News Archive

Amazing Things Can Happen When Knitting And Sewing Meet

12 August, 2006


MAHWAH, N.J. - Sally Houk combines the knowledge of a master knitter with the experience of a life-long sewist. The result is her collection of original projects, which shows that stunning fabric effects are within everyone's reach. Sally does her sewing on a Janome Memory Craft 6600 Professional and markets her patterns and premium hand-dyed yarns. Sally learned to sew when she was just eight years old. At seventeen, while in nursing school, she had her sister teach her how to knit. "I learned to do it without looking," she says, "so I had something to do with my hands during the long hours of studying." During her career as a nurse, she continued to develop her knitting skill and eventually earned her certification as an instructor.

Sally transitioned out of nursing and into a full-time knitting career. At one point, she was knitting custom-order sweaters.

"Even though a hand-knitted sweater might go for $500," she says, "you have to knit rapidly for hours at a time to make any money." The more she learned about high-end, hand-dyed yarns, the more she saw a market niche to fill. This led her to start Sally Houk Exclusives. Working out of her home, she specializes in ribbon yarns and other hand crafted knitting fibers. (Usually made from rayon, ribbon yarn looks like ribbon but you can knit with it.)

Then came the day when a friend introduced Sally to the technique of layering yarn between sheets of rinse-away stabilizer and then using free-motion-stitching to hold it all in place. She loved the result. "I use Ultra-Solvy, which is like a heavy sheet of thick glue," she says. "Between the two pieces of stabilizer, I lay out the ribbon yarn in random patterns, pin them in place, and then stitch all over." Sally says this technique works well with all kinds of yarns and threads, and looks especially great with metallics. She then uses the resulting "fabric" to make stunning scarves, purses, appliqués and more. Her Janome Memory Craft 6600 Professional seems to be designed for this kind of work. "The doubled sheets of stabilizer are pretty stiff," she says. "The extra wide bed on my MC6600P lets me sew them flat without having to bend them." She loves the lock stitch function and says the Up/Down needle feature has changed the way she sews. "I couldn't do my free motion work without it." Several of her show pieces can only be made with the programmable decorative stitches on her MC6600P. Another technique Sally uses is to lay ribbons side by side between the layers of stabilizer and then stitch between the ribbons catching both edges with a decorative stitch. The result is a sophisticated fabric effect that is relatively easy to do.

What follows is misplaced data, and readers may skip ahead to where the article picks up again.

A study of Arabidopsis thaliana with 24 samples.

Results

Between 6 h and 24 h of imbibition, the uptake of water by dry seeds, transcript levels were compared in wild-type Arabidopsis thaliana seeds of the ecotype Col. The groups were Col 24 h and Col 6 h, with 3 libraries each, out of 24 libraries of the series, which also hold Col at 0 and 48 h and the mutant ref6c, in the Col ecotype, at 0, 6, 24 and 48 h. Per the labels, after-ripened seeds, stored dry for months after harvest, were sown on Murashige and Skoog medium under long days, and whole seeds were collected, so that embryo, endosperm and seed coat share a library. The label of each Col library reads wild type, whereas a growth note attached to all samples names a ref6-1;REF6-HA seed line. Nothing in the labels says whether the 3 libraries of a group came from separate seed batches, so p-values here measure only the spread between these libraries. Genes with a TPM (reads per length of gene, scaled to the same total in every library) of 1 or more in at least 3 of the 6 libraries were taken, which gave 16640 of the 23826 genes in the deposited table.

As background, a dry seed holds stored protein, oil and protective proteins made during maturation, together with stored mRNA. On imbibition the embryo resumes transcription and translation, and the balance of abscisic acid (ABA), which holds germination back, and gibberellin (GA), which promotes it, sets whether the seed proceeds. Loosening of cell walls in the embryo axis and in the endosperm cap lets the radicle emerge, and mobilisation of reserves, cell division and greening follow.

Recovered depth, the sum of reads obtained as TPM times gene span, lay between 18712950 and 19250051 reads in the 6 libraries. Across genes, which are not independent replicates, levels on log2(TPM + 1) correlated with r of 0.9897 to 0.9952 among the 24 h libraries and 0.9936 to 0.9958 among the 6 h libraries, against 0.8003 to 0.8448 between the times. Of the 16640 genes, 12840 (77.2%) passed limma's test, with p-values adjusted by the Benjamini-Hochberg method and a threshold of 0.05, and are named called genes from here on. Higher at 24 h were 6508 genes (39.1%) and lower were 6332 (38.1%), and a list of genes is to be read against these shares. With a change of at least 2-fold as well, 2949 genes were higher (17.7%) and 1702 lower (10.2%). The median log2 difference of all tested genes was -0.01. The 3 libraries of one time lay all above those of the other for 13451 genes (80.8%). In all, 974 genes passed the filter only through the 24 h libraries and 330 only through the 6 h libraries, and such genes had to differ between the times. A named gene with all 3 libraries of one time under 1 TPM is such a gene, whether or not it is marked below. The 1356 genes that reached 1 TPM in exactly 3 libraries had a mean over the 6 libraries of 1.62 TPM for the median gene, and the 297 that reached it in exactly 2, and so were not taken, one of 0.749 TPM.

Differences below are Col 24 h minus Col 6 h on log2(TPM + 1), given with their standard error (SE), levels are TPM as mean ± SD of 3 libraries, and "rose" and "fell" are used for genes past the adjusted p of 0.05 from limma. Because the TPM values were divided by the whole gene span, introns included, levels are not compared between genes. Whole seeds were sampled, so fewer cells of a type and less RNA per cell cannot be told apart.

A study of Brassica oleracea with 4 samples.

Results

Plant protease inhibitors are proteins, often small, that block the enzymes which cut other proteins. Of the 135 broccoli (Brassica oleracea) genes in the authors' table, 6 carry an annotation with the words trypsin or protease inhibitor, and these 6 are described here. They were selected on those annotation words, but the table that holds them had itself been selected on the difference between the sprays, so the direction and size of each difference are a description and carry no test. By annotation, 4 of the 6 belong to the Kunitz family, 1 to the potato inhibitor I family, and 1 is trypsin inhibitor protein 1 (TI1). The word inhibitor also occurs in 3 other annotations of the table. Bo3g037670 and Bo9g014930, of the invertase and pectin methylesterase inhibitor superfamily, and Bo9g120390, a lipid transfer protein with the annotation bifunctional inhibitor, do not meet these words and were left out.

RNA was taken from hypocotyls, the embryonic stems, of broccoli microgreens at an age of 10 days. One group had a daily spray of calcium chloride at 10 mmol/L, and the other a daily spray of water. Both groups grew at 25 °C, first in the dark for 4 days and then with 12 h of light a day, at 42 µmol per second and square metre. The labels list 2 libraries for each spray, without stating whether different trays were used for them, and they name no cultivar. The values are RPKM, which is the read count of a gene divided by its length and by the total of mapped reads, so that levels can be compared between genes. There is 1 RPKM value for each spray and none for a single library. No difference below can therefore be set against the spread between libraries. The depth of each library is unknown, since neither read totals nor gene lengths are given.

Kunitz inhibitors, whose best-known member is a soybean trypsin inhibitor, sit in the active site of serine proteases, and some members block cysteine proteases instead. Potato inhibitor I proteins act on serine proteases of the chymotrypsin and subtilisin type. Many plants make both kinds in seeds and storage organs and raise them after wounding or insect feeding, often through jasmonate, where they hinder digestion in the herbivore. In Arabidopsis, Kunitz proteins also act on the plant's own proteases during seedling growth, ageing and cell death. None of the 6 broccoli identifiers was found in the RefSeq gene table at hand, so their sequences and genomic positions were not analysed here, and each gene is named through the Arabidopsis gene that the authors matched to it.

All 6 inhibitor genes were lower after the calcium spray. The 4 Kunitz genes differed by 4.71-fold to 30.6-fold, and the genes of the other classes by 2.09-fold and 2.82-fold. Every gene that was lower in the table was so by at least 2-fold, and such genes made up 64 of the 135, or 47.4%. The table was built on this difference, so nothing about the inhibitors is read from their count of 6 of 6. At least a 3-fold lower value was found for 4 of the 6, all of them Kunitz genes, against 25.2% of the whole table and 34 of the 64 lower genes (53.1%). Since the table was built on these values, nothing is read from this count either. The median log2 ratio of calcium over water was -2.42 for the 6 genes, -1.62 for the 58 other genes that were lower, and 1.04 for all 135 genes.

Sally travels extensively, taking her yarn samples and project samples to a dozen states each year. Images of her work can be seen at the Sally Houk Exclusives website.

Janome America is the largest subsidiary of Janome Sewing Machine Company of Japan, which produces nearly two million sewing machines annually as well as a line of related sewing products and embroidery software. It is a category leader in innovation, and Janome sewing machines are recognized throughout the industry for their ease-of-use and unsurpassed stitch quality.